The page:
Victoire by Roland Philipps

Victoire: A Wartime Story of Resistance, Collaboration and Betrayal

Roland Philipps

Score pending

2 reviews

Imprint: The Bodley Head Ltd
Publisher: Vintage Publishing
Publication date: 15 Apr 2021
ISBN: 9781847925817

With little training or support, Mathilde and her Polish collaborator, Roman Czerniawski, create a huge web of agents in a matter of weeks to form the first great Allied intelligence network of the Second World War.

4 stars out of 5
10 Apr 2021

"this is a deeply humane book, and humanly flawed"

Carré’s memoirs (originally published in 1959, revised in 1975), which Philipps has mined to good effect, show that she survived her tumultuous war in part because she resolutely continued to believe both in her own worth and that she would finally have revenge. ‘The narrative was as truthful as she could make it,’ Philipps comments, ‘while allowing her to sustain her sense of self.’ Ultimately Victoire is similarly forgiving towards this dynamic but volatile agent, choosing to focus on her ‘human contradictions and vulnerabilities, and her strenuous, sometimes heroic, attempts to overcome those’. In doing so this is a deeply humane book, and humanly flawed.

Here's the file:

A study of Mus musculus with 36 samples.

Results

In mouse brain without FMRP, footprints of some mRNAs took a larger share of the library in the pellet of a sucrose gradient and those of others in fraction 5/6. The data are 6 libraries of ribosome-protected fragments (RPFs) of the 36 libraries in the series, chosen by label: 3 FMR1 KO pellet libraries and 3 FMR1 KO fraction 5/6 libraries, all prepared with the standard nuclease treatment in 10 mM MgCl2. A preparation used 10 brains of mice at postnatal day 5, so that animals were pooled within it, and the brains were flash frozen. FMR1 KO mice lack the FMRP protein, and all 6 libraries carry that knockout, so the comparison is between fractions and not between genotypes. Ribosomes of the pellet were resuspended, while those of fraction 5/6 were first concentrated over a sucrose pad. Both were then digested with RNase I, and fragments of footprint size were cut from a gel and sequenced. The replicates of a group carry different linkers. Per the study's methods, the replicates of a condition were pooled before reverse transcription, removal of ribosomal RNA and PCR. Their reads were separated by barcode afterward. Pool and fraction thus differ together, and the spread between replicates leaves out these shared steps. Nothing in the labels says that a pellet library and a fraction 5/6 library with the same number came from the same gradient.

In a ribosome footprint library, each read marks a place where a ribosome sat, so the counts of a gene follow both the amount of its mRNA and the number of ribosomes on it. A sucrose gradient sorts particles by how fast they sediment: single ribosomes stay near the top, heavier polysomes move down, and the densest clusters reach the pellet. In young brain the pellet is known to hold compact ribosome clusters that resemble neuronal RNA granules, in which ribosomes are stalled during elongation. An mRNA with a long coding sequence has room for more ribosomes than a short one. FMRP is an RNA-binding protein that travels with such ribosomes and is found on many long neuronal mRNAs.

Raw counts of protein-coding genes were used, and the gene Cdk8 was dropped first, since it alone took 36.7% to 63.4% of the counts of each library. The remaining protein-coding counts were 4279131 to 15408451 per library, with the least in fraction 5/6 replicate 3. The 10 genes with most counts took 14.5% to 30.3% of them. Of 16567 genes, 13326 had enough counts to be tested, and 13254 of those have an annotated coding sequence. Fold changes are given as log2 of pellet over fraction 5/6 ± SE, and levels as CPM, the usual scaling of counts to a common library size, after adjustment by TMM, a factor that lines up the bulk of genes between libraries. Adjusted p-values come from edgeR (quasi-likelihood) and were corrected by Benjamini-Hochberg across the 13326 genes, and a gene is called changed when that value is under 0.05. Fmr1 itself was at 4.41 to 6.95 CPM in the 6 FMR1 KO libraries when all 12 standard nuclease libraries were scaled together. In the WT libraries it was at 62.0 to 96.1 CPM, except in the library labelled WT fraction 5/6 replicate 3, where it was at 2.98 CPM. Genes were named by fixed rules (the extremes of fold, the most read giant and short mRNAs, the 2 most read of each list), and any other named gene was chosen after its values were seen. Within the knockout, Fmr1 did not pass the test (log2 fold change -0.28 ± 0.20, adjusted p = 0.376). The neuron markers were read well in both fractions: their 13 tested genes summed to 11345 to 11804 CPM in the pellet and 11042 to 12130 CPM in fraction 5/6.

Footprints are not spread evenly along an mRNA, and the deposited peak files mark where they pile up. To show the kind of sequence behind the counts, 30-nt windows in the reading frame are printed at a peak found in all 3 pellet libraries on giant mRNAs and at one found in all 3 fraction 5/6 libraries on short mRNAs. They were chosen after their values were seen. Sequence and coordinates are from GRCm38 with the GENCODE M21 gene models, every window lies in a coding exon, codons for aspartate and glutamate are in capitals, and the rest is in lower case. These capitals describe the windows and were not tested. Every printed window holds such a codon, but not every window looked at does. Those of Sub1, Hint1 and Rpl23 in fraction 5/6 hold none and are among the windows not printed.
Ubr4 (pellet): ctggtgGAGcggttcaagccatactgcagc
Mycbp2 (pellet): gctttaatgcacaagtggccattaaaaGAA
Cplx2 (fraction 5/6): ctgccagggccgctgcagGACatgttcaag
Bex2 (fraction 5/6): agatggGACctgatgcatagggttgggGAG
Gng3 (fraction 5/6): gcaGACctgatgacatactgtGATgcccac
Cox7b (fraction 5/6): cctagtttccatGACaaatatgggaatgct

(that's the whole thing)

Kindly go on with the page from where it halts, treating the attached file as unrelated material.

4 stars out of 5
Saul David
28 Mar 2021

"It’s a grimly compelling story and Philipps tells it well"

It’s a grimly compelling story and Philipps tells it well. He fills in much unknown detail about Carré’s espionage career, the early work of France’s resistance movement and the German response. He adds nuance to the predicament in which Carré and many other collaborators found themselves, and reminds us of the risks she took for the Allied cause. Yet no amount of context and mitigation can truly exonerate Carré of that swift and self-centred decision to save herself by betraying her comrades and becoming Bleicher’s mistress.